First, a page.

Rolling across Indiana today, waiting for my eyeballs to bleed from the combination of being thrashed by 70 West and reading stupid billboards. I’ve written about billboards before, I spend a lot of time (probably too much) trying to figure out the “real” meaning behind the advertisements. I’ve puzzled over the fact that all the pictures of “Amanda” on the “Amanda’s Intimates” billboards look like Amanda’s eyes are way too far apart, making her come-hither gaze decidedly un-sexy and more along the lines of “squirrelly.” George always remarks that she must have to turn her head sideways to look you in the eye. Poor thing.
Along with wondering about weird, squirrelly Amanda, I now have the added question in my mind of, “Where’s baby?” Apparently, we’ve come to the point in civilization where you need a billboard to remind you to remember where your baby is. The great State of Indiana (Tennessee, too –ed.) has decided their new public service announcement campaign should be dedicated to reminding people that they’ve strapped a living, breathing human being, that they gave birth to, in a vehicle and drove off with them. Because pesky babies can be so stealthy about hiding in their ginormous car seats that take up the entire back bench of a soccer mom van.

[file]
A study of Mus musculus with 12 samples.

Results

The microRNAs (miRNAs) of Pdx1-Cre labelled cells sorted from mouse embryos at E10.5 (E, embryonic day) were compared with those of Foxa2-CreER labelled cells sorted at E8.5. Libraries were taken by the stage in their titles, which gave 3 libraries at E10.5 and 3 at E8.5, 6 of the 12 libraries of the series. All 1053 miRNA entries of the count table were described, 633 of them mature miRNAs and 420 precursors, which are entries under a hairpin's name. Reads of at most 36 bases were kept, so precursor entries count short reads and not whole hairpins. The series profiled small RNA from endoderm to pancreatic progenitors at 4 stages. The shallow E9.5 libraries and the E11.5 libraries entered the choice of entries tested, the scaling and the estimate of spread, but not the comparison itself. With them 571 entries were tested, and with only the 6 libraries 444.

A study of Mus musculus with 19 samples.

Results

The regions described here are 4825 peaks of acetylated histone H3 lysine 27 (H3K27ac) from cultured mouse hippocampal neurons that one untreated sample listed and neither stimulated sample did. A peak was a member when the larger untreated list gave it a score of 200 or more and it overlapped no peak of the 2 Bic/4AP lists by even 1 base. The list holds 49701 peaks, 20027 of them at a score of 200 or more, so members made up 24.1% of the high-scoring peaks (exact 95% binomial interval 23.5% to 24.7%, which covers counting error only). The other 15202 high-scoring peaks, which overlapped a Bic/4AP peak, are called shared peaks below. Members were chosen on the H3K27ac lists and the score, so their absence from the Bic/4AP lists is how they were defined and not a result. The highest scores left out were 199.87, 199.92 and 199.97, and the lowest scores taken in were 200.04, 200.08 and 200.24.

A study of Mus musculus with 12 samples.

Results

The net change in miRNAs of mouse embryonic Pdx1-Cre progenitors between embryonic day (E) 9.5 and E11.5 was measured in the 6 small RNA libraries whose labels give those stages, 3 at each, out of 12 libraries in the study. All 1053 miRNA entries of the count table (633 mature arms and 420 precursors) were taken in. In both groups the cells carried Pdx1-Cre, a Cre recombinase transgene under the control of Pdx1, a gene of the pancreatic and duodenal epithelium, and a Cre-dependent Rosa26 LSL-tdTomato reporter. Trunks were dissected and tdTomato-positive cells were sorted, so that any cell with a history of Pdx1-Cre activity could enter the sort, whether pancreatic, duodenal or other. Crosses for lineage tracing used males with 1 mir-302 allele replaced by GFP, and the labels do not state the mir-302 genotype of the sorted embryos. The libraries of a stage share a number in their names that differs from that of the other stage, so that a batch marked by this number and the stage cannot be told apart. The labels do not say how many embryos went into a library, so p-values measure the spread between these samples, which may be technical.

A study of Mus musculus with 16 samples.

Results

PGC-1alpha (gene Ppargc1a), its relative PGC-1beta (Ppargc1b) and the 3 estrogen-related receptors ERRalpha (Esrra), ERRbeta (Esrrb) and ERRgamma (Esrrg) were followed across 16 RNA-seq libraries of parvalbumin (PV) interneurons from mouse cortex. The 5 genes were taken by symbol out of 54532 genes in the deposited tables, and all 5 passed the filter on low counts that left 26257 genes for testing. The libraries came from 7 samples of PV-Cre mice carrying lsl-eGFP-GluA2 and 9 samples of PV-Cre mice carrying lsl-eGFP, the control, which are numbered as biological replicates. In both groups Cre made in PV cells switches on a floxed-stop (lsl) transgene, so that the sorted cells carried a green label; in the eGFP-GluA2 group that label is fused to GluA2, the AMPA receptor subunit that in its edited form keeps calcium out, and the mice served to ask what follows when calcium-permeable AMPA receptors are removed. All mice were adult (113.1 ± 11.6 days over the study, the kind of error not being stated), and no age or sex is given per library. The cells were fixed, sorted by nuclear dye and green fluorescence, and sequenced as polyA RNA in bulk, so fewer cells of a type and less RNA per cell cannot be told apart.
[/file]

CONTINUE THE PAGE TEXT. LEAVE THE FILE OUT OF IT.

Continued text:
Confession time. It’s been a very long time since I had babies, and when I did, I wasn’t the most attentive parent in the nest. I’m certain there were times I should have been paying attention when I wasn’t. I was young and dumb and busy as hell when the kids were little, but I never once forgot where I left them. And I sure as hell never strapped them into the car and forgot they were there. Never.
The new uh-oh-I-forgot-my-baby craze is pretty indicative of how much attention people are actually paying to what’s going on in the vehicle while they’re careening down the highway. It would be nice if just one mainstream news article raking truckers over the coals for being unsafe would mention that they’re sharing the roadways with people who can’t even remember where they put their baby. The implications of tasking these individuals with remembering the baby and driving? Well, now you’ve just gone too far.